HomeChinese AmericanBrooklyn Nail Salon Brawl Lights Up Racial Protests

Brooklyn Nail Salon Brawl Lights Up Racial Protests

The nail salon at the center of this controversy was formerly called New Red Apple Nail Salon in Brooklyn, NY. Photo courtesy of Google Maps.

On Monday, protests broke out in front of New York City’s 888 Happy Red Apple Nail Salon, formerly known as New Red Apple Nails, in response to a violent fight between a customer and it’s employees, according to CBS News.

The nail salon is located in East Flatbush, a neighborhood in Brooklyn that is 86% Black and 1% Asian, according to census data.

The fight broke out last Friday night after Christina Thomas, a 21-year-old African American woman, refused to pay $5 to nail salon worker Huiyue Zheng because she was dissatisfied with her eyebrow service. The situation quickly escalated into chaos when Thomas delivered a blow to the nail salon worker. 

Footage of the brawl went viral across social media, accruing over a million views. The video shows the Asian nail salon workers fighting back —  grabbing on to her tank-top straps as an attempt to hold her down.

One worker is seen spraying her with a bottle of acetone nail-polish remover. Another is seen repeatedly beating Thomas’s back with a broom as she flees the salon. There is even a lady who attempts to throw a chair at her.

Thomas and Zheng have both been charged with assault. While Zheng is being treated in the hospital for minor injuries, Thomas refused to seek medical care.

Perceived as an act of racist brutality, protesters gathered in front of the nail salon urging Black locals to spend their money elsewhere. Neighborhood residents were encouraged to boycott the business.

Protesters were heard chanting “No more! No more!”, demanding the permanent closure of the nail salon. Signs read phrases such as “It’s time for us to come together and unite as one” and “Black $$$ Matters.”

“There is no respect for people in this neighborhood,”  said Gavid Gibbs, an East Flatbush resident to the New York Daily News. “Anytime a store doesn’t respect us, we’re going to shut it down. We will come, we will picket it and we’ll do whatever we have to close your store down.”

Boycotters are using online platforms to protest as well. Dozens of negative reviews have been written by protesters on the salons’ Yelp page. One-star ratings and variations of the phrase “DO NOT SUPPORT THEM” have flooded their reviews.

While the protest remained civil, some protesters perceived the conflict as a dehumanizing offense to the local Black community.

Referring to Asian-owned businesses in East Flatbush, Black resident Stacy Ann Thomas told the New York Times, ”They just see dollar when they see you. They don’t see a person. They don’t see you, me — they just see the money.”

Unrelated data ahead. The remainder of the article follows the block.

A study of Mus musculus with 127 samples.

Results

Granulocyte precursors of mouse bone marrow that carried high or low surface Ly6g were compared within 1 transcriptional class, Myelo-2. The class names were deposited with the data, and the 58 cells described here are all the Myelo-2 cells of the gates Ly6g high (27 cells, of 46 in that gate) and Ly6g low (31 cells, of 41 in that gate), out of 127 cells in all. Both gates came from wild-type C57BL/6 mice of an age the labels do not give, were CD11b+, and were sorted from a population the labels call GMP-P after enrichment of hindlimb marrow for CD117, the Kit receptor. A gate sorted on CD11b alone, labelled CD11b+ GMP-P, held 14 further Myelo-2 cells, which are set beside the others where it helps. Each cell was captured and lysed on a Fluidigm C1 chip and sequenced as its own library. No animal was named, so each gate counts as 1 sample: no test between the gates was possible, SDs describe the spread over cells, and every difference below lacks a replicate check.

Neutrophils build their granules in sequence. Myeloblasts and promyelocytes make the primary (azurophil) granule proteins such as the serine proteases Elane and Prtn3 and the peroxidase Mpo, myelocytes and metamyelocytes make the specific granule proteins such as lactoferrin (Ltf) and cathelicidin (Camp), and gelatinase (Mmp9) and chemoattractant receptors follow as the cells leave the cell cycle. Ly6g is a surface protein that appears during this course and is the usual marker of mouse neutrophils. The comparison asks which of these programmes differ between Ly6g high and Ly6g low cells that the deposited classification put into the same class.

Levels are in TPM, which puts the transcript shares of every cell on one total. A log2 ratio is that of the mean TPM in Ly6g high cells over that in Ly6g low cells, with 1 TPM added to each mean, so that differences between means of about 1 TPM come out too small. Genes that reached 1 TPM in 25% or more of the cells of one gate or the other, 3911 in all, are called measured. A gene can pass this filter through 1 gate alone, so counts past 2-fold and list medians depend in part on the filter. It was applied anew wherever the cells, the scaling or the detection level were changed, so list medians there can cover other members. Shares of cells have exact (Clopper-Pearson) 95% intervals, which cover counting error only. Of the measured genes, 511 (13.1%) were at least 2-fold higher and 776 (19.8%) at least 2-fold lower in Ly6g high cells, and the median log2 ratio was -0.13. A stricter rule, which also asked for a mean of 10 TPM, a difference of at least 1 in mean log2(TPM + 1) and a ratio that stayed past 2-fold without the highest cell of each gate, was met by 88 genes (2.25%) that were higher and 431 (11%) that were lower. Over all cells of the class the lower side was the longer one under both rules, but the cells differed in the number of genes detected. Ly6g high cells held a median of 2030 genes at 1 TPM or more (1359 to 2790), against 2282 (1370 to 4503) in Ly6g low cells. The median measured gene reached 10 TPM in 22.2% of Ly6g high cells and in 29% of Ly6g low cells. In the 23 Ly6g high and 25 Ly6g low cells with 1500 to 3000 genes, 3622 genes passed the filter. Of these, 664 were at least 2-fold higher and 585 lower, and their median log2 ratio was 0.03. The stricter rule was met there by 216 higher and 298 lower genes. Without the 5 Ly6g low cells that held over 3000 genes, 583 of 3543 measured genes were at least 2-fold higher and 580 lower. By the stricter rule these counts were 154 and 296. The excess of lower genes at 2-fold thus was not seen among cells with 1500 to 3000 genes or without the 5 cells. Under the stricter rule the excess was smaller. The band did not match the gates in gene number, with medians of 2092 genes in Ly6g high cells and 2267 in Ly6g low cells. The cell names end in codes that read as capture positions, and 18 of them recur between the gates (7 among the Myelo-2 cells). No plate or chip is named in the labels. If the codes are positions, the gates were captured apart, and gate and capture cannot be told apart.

One man was seen waving a pan-African flag over police barricades. Another protester allegedly screamed “Where is ICE?”, referring to Immigration and Customs Enforcement. Broomsticks were also placed against the shop window as reminders of the attack.

However, not all local residents agreed with the protest’s intentions.

Denise Benn, a 66-year Black woman who received a manicure in a neighboring nail salon, blames the incident on the customer rather than the salon workers. “These people don’t bother anybody,” she says. “They work hard, 12 hours seven days a week, my God, and the people come in there and they don’t want to give them a tip,” she told the New York Times.

News sources make further judgments that this incident has exacerbated racial tensions between the Black and Asian American residents in the neighborhood.

The New York Times compared this incident to a violent 1990 conflict between a customer and the manager of a Korean-American grocery store in Flatbush, Brooklyn. Black local residents at the time boycotted the grocery story in response to the attack.

Similarly, the Washington Post reported that protesters made racially-targeted comments towards Asians. One protester supposedly said that “Until they open a soul food restaurant in Chinatown, we ain’t eating over there”.

Kyeyoung Park, an anthropology and Asian American studies professor at UCLA, doesn’t believe the brawl intensified existing racial tensions, however.  

“It’s not the same thing as the 1990s,” she said to the New York Times. “Overall, I would say the tension has been contained”.

Although the Gothamist reached out to 888 Happy Red Apple Nails on Wednesday morning for an update, they did not respond.